Is a lawsuit a losing battle when it comes to proposed EPA regulations?

CHARLESTON, W.Va. — An advocate for West Virginia’s low and middle income families along with other vulnerable populations says the Mountain State is at a crossroads now that the Environmental Protection Agency has proposed new emissions limits for existing coal-fired power plants.

Most state leaders have been quick to criticize the draft rule, since it was released publicly back on Monday, with many calling it “devastating” to West Virginia because of its impact on coal.

If implemented, it would cut carbon emissions from those coal-fired plants by a national average of 30 percent, compared with 2005 levels, before 2030.

“I think we all want to have a stronger economy and good paying jobs and a good place for our children to grow up in and, I think, addressing climate change is definitely part of that,” said Ted Boettner, executive director of the West Virginia Center on Budget and Policy, on Wednesday’s MetroNews “Talkline.”

“I think it’s really important for West Virginia’s policymakers to be at the table instead of just putting all their energy into a toxic fight about the war on coal.”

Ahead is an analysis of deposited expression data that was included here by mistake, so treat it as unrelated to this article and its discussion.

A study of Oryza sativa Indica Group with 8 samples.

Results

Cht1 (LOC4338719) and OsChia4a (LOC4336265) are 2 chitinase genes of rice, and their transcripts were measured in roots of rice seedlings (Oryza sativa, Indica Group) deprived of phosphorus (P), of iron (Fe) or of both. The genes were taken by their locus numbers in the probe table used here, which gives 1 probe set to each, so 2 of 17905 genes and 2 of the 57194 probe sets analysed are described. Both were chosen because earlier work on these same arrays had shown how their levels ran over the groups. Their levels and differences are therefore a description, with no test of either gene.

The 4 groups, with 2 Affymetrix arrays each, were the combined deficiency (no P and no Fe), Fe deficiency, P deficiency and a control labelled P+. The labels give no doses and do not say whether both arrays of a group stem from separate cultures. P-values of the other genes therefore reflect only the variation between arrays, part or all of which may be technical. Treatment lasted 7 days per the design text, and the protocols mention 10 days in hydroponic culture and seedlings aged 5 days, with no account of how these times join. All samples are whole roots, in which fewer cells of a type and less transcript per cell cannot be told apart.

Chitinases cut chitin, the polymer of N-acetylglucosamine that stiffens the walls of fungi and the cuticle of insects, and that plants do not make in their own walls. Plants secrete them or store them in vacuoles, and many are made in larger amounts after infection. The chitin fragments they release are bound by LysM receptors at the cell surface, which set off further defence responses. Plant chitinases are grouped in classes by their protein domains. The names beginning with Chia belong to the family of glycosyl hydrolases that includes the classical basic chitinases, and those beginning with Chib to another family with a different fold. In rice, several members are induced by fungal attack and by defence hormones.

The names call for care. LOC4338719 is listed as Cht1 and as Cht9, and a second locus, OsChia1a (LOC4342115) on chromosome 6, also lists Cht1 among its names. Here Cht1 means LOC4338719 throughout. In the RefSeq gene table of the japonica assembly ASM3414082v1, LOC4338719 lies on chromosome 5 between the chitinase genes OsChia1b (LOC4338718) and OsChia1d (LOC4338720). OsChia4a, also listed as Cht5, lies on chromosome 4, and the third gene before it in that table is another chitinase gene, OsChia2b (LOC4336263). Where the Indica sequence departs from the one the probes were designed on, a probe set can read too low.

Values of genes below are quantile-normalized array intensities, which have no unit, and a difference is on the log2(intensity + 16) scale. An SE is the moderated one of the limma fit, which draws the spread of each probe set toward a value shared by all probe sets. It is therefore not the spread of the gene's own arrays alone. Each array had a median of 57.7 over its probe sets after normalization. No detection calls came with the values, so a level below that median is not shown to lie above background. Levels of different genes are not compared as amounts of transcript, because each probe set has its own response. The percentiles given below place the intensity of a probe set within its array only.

State Attorney Patrick Morrisey, though, sees problems with the EPA’s proposed regulations. “This is something that is better debated in the halls of Congress and we’re certainly looking closely at the regulatory scheme because the impact to West Virginia is so severe,” Morrisey said.

The 645-page draft rule would give states differing deadlines and options for meeting emission-reduction targets that would also vary by state.

With that flexibility, states could, among other things, opt to meet their individualized targets by reducing energy demand through more efficiency programs, by utilizing solar energy, wind energy or natural gas more or by installing pollution-control technology.

After a preliminary review of the proposal, Morrisey said he does not think the Clean Air Act allows the EPA to regulate emissions from power plants or independently implement sweeping emissions limits. He said the proposal is also problematic because it’s being introduced before the regulations for emissions from new power plants have been finalized.

If the latest proposal is finalized next year as is, Morrisey said he will file a lawsuit on West Virginia’s behalf. “I think that it’s clear that, on its face, this is illegal and it has a very detrimental impact for West Virginia,” the attorney general said. “I believe that the EPA would fall in court if this gets tested.”

Four public hearings on the EPA’s proposed rule will be held during the week of July 28 in Washington, D.C., Atlanta, Ga., Denver, Co. and Pittsburgh, Pa.

Boettner said West Virginians have a choice to make. “You can put all this effort into a losing battle or you can be at that table making real changes that are going to lead to concrete things that could happen in West Virginia,” he said. “Unfortunately, we’re not doing that.”